We now know that a small but significant percentage of the population come into this world with a defective gene; one which interprets the cranberry as something edible. The trouble begins when this minority infects everyone else (whose interest is marginal at best) with its deviant preference.

How do these few manage to foist themselves on the rest of us? What dastardly means are at their disposal? And perhaps most important: why do we not only tolerate cranberries in our world but also turn a deaf ear to our own inner protestations?

Proof of the undesirability of cranberries can be found everywhere. Persistent attempts to mask their true flavor can be quite telling. Grape juice, apple juice and cherry juice are only a few of a growing list of liquids used to hide the sour taste. Anything is an improvement over the real thing.

Juicy goodness is in inverse proportion to cranberry content. In layman’s terms, this means that as we approach 0% cranberry we start to get something nearly palatable. It is only when we have extracted the last vestige of the stuff that we finally have a satisfying and thirst-quenching drink. This is powerful evidence, widely known but seldom acted upon.

By yielding to these combo juices, we announce our willingness to settle for less, reinforcing existing negative (non-juice) patterns. No need to strive for excellence when Failure Mode (willingly drinking a juice you don’t even like is not an index of success) is perfectly all right.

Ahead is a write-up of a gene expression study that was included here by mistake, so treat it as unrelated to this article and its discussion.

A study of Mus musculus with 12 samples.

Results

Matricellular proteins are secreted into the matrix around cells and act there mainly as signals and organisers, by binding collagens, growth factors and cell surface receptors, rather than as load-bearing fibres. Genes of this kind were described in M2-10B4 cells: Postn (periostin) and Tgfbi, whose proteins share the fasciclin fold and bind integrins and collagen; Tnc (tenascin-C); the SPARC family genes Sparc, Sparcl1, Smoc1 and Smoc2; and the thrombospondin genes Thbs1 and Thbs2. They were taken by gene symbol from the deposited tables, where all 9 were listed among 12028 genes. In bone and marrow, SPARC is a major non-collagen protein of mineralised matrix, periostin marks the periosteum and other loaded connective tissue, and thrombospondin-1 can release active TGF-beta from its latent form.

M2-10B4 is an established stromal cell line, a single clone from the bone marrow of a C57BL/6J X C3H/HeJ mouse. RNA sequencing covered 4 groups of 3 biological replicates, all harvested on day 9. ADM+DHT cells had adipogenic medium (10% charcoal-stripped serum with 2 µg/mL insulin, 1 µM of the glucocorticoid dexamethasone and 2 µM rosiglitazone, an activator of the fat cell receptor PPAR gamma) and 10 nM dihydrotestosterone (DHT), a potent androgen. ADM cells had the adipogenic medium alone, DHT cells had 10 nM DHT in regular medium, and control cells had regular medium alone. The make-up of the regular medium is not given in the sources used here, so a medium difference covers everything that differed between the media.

They say that silence implies acceptance. By not speaking up we become enablers and co-dependents. We protect and conceal those with the flawed genes. We put on a happy face, pretending that everything is A-OK. But it’s not. Well it’s time to bring this pattern to conscious attention. Only then can we finally come to terms with the problem and rid this obnoxiousness from our lives once and for all.

What’s holding us back? Parental pressure plays a role here. Lies. “Kids, it does taste good, just give it a try.” Or, “Drink up, it’s good for you.” Such nonsense only fosters distrust which festers and leads to distress which leads to destructive behaviors like… more cranberry consumption, thus completing the vicious cycle.

The Cranberry Institute counters by pointing out the health benefits of fruit eating (not all fruit is created equal) along with its Thanksgiving Day popularity (not all habits are good habits). But this is self-serving sinisterness from an industry with a vested interest in promoting its mostly unsafe and unnecessary product. Do you think they care one jot about the above consequences? Of course not. And they’re in cahoots with the grapefruit people.

What would happen if we used gene therapy to eradicate this pathology? Or a more draconian plan could involve discouraging cranberry lovers from reproducing. But do we really want to go to such lengths to answer our needs? Instead, a little honesty with others and with ourselves can break the cycle of pain. Nip it in the bud, so to speak.

It’s only natural to think and feel: I don’t like cranberries and I don’t like people who do. But this is not the way to rebel. These people were born this way and cannot help themselves. Only by recognizing the villainy of Big Cranberry can we confront the root causes instead of just treating symptoms.